Personal Finance

Proposed ban on noncompete clauses could affect 'every business in the country,' says attorney — what that means for you

FTC proposes new rule to ban non-compete clauses

Job hopping is widely considered the best way to improve your career prospects and pay.

Sometimes, noncompete clauses stand in the way. These contracts are meant to protect the investments companies have put into their businesses and employees. It’s estimated that more than 30 million workers — or roughly 18% of the U.S. workforce — are required to sign one before accepting a job.

Recently, the U.S. Federal Trade Commission proposed a new rule banning the use of noncompete clauses in employee contracts, which suppresses wages, hampers innovation and prevents entrepreneurs from starting new businesses, the agency said.


“That’s part of what makes this so radical,” said Michael Schmidt, a labor and employment attorney at Cozen O’Connor in New York. Not only is “the federal government taking this action broadly but with practically no exception.”

As a result, the impact will be felt by companies with employees who are governed by noncompetes as well as companies looking to hire workers who are bound by noncompetes, said Benjamin Dryden, a partner at Foley & Lardner in Washington, D.C., who specializes in antitrust issues relating to labor and employment.

“This regulation will affect, more or less, every business in the country,” he said.

Noncompetes are increasingly used across industries

South_agency | E+ | Getty Images

Noncompetes degrade wages and working conditions by eliminating one of the most effective means workers have to improve their job quality — advocating for or moving to a better job.

Najah Farley

senior staff attorney at the National Employment Law Project

“Employers have taken advantage of the lack of laws and regulations in this area to push these agreements onto unsuspecting workers across all income levels and job titles,” Farley said.

“Noncompetes degrade wages and working conditions by eliminating one of the most effective means workers have to improve their job quality — advocating for or moving to a better job,” she said.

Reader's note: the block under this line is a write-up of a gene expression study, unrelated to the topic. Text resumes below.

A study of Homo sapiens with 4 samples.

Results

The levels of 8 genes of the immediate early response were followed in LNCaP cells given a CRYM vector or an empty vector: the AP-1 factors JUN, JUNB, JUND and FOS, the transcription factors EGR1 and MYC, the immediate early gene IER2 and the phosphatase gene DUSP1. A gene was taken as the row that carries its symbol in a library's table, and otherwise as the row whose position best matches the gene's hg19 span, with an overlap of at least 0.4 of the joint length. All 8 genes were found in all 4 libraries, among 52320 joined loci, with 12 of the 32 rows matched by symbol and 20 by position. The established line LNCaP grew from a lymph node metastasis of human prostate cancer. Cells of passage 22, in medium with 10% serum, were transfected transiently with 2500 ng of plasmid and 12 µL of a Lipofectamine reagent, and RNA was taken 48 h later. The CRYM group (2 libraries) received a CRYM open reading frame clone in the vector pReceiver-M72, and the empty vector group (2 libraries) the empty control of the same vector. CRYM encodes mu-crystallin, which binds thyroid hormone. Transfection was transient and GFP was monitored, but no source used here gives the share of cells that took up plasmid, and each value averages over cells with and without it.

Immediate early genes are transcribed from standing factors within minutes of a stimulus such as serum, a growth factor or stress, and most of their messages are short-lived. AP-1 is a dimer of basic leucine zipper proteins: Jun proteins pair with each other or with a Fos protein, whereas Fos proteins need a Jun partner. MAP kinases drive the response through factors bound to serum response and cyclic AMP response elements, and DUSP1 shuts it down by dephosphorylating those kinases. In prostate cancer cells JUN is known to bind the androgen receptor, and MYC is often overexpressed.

“When appropriately used, noncompete agreements are an important tool in fostering innovation and preserving competition,” Sean Heather, the U.S. Chamber of Commerce’s senior vice president for international regulatory affairs and antitrust, said in a statement. 

An outright ban is “blatantly unlawful,” Heather said. “Congress has never delegated the FTC anything close to the authority it would need to promulgate such a competition rule.” 

There are still several steps before the proposed regulation will go into effect, including the “inevitable litigation” challenging the FTC’s authority, cautioned labor and employment attorney Schmidt.

This rulemaking process could take up to a year or even longer if it gets tied up in the court system, Schmidt said.

What employees should do now

Thomas Barwick | Getty Images

Workers who have been impacted by noncompetes should submit comments to the FTC on the proposed rule, Farley advised.

The comment period is open through March 10 and the FTC will review each submission and make changes based on that feedback.

“The more people who submit comments, the better,” she said.

What employers should do now

Companies should also take advantage of the FTC’s 60-day comment period and “let their voices be heard,” Schmidt advised.  

This is meant to be a “constructive process,” Dryden said. “If you think this will do harm to your legitimate business, submit comments to the FTC explaining your thoughts.”

“I wouldn’t be surprised if the FTC ends up scaling back this regulation,” he added.

Still, “there was clearly momentum building toward this,” Dryden said. In fact, many states already have limitations on noncompete agreements and it’s not surprising the federal government is testing a blanket ban under Section 5 of the FTC Act, which prohibits unfair methods of competition, he said.